I keep forgetting that Eun-soo is married. It's pretty easy to do that, given that Joon-goo has been such a non-entity when it comes to the emotional situation of his wife. We've spent several episodes now that have basically just resolved around Eun-soo crying about the various plot stuff involving her daughter and ex-husband, but it's only this episode that Joon-goo offers her any meaningful comfort in these times of crisis. I'm not even totally sure he's ever had a scene in the same room as Seul-gi yet.
This is problematic, naturally, but only in past context. That we're finally seeing the two main couples in this drama actually interact as romantic couples is immensely relieving, if only because it brings some variety to the proceedings. Eun-soo's always bugging her big sister Hyeon-soo for help, but I'm never really sure what she's expecting her elder sibling to do. While harassing Tae-won has some emotional value it's not going to be much help with Eun-soo's broader problems.
After all, Hyeon-soo has her own issues. She has to expend a lot of energy this episode resisting romantic advances. Which somehow just isn't as exciting as it sounds. This drama has lots of problems with tone and constancy. There's so much weepy stuff I'm having trouble figuring out whether certain funny moments are supposed to be comic relief or just bad writing.
Part of the problem with this is the acting, although it might be more fair to hold the direction of the acting responsible. "She Gets Married Thrice" has built itself up on the basis of inner emotional turmoil. This requires an extremely strong performance or else proceedings just get kind of sappy. And right now we're in sappy territory. The characters need to make a better job of understanding and trying to grasp their destiny, because right now there's very little conflict. We're just waiting for other stuff to happen.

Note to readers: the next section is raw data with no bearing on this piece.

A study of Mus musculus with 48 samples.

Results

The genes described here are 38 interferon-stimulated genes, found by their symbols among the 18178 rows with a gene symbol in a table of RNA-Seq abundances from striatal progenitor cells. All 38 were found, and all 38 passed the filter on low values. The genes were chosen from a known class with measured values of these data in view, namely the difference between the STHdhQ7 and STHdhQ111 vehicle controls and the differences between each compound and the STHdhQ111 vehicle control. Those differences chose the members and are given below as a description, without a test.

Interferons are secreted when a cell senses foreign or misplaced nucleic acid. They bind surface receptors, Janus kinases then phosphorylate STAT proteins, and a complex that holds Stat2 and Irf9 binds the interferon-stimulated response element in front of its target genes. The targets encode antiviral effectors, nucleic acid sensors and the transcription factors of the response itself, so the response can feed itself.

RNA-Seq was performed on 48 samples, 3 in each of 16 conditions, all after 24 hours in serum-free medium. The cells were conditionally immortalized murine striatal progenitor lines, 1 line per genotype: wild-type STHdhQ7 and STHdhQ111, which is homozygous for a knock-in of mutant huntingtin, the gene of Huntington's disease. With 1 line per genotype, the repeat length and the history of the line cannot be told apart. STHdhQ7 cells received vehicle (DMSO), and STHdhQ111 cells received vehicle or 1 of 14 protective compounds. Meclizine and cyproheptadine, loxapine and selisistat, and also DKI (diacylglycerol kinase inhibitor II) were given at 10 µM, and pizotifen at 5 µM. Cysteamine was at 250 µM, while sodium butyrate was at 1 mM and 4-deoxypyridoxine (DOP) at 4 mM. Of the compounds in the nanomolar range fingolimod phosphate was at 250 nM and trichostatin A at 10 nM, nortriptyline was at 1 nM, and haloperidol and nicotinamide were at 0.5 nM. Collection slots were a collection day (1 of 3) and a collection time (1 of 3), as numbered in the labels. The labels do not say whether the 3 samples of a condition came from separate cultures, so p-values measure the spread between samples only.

It's telling, for example, that we rush right through the wedding between Tae-won and Chae Rin. Somehow I expected that rich people would have relatively fancy complicated weddings. Then again maybe that's how they stay rich- by not wasting all that hard-earned cash on unnecessarily elaborate ceremonies. Now there's a socially relevant topic I'd like to see a drama address more directly. Unfortunately, like almost everything else that's interesting in "She Gets Married Thrice", this particular subplot only exists in my imagination as subtext.
Staff writer. Has been writing articles for HanCinema since 2012, having lived in South Korea since 2011. Started out in Gyeongju, then to Daegu, then to Ansan, then to Yeongju, then to Seoul, lived on the road for HanCinema's travel diaries series in the summer of 2016, and is currently settled in Anyang. Has good tips for utilizing South Korea's public bus system. William Schwartz can be contacted via firstname.lastname@example.org.
"[HanCinema's Drama Review] "She Gets Married Thrice" Episode 12"
by HanCinema is licensed under a Creative Commons Attribution-Share Alike 3.0 Unported License.